Excellence in Service Profile: Madhusudan Choudhary
Sept. 6, 2022
SHSU Media Contact: Campbell Atkins
Each year, Sam Houston State University honors faculty members whose teaching, scholarly accomplishments, service, and academic engagement stand out among their peers. Madhusudan Choudhary, professor of biological science, is the recipient of the 2022 Excellence in Service Award for his tremendous impact on others through service.
If the measure of a Life is its Service, Madhusudan Choudhary’s life and contributions to his field are truly immeasurable. His list of services to the community seems, at a glance, to be never-ending, which helped earn him Sam Houston State University’s 2022 Excellence in Service Award.
“He is not just a teacher but a mentor who motivates, guides, inspires and creates an environment in which students become lifelong learners,” said one of Choudhary’s colleagues. “I have come across a number of students who admiringly acknowledged his role in their academic interest and success, and in shaping up their career goals.”
Choudhary has worked as a professor of biological sciences at SHSU since 2008. After earning his PhD at McMaster University in Ontario, he attended Duke University for his postdoctoral studies before working as a senior associate to a professor at the University of Texas Medical School. This is the second Faculty Excellence Award he has received at SHSU, including an Excellence in Research distinction in 2016.
“I am very humbled and honored,” Choudhary said on receiving the award. “I am happy that SHSU and the selection committee really looked deep and selected me. Even if I didn’t get this, I would keep serving because that is my goal and objective in life. I have been very fortunate and I feel blessed.”
One of his most notable service projects impacts students locally as well as many across the globe in the Indian state of Bihar, Choudhary’s original home. The Academy for Scientific and Professional Inspiration in Research and Education (ASPIRE) brought together local public administrators, educationalists, social workers and business leaders to promote scientific education in Bihar.
“I am trying to repay what they have invested in me in an intellectual way to a younger generation so that they can aspire to come over to the U.S. for better educations,” said Choudhary, who would make personal trips to Bihar for the project prior to the COVID-19 pandemic. “We conducted a six-week summer science and math camp in remote village schools and engaged those school children in active learning and critical thinking through community engagement projects to solve local problems.”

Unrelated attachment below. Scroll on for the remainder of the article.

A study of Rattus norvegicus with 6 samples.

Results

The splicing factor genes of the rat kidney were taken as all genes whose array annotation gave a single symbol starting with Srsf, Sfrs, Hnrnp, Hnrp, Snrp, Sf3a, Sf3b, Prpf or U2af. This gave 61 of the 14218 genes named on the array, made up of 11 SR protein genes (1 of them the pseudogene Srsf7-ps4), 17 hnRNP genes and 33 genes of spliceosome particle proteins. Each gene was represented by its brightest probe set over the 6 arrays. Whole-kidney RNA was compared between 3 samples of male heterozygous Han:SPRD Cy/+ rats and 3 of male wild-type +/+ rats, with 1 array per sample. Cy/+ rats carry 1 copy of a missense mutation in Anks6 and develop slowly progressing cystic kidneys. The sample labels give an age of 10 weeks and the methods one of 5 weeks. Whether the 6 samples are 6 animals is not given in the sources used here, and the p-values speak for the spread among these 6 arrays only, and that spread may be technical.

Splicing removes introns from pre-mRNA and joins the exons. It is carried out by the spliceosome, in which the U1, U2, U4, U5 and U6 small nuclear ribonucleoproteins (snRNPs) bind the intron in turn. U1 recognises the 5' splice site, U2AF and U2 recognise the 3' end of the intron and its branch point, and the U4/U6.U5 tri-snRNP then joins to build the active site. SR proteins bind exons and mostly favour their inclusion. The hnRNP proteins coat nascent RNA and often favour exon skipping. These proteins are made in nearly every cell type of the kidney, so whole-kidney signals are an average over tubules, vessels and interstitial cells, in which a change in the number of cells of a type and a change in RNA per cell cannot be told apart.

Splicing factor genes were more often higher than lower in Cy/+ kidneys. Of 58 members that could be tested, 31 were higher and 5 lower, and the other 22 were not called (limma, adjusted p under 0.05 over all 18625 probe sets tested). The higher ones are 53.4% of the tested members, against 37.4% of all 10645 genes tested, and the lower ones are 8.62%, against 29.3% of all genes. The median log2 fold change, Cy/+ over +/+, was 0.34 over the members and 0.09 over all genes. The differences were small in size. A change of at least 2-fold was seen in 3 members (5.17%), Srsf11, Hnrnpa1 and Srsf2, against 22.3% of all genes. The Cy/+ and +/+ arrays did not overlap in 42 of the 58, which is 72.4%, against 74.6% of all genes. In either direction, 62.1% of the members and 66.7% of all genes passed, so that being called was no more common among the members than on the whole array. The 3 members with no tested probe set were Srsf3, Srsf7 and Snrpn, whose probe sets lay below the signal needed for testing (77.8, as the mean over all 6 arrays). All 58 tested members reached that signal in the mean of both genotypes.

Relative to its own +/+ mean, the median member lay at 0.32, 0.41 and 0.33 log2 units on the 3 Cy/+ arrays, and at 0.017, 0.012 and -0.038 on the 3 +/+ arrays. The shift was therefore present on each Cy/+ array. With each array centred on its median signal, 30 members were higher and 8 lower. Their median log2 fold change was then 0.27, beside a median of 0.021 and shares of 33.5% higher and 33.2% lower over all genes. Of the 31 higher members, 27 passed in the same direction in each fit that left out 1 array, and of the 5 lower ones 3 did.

American college students volunteered for activities to promote the concept of a global learning village.
Choudhary had been making a difference in his home state of Bihar long before ASPIRE. He is a founder of the Bihar Association of North America (BANA), which was formed in 2008 and operated through 2020.
“The association was engaged in various social and cultural activities, such as Academic Fest, Cultural Carnival, seminars and volunteer activities for food drives and charity funds,” Choudhary said.
He served as BANA’s president for two years and was honored with a lifetime service award for his work in 2012.
Choudhary’s vast range of services include advancements to the department of biological sciences, including his work to help develop a rigorous graduate program in biology as well as overseeing an undergraduate scholarship committee, which awards over $100,000 worth of scholarships each year. He has also gone above and beyond in his recruitment contributions to the College of Science and Engineering Technology (COSET) and was instrumental in establishing the college’s mission and vision statement.
He has served on a number of committees for SHSU, including six years on faculty senate. He was the director of the Center for Enhancing Undergraduate Research Experiences and Creative Activities (EURECA) for four years, beginning in 2018. Their mission is to advance the culture of scholarly and creative excellence by cultivating and developing faculty-mentored, discipline-specific inquires among undergraduate students. The program supports two internal grants: Faculty and Student Teams (FAST) Awards and Student Travel and Professional Presentation (STAPP).
One colleague wrote that EURECA “fosters undergraduate research in every way” and is a “considerable service to the student body at SHSU.” Some of the program’s new initiatives include expanding opportunities for students to engage in research across campus as well as building out a student-led STEAM Team to advocate and develop opportunities for students to participate in research and sponsored programs while at SHSU.
Outside of the university, he serves on five editorial boards and is a member of four professional societies. It is impossible to list all of the important organizations he has played a role in, but his service to the university and communities abroad are, as stated, immeasurable.
“My major goal is to touch the lives of as many students as possible and to motivate them through science,” Choudhary said. “We feel that we are multiplying the generations of scientists for the future. That is what I see; I don’t see my achievements as much as I see generating the generations of biological scientists.”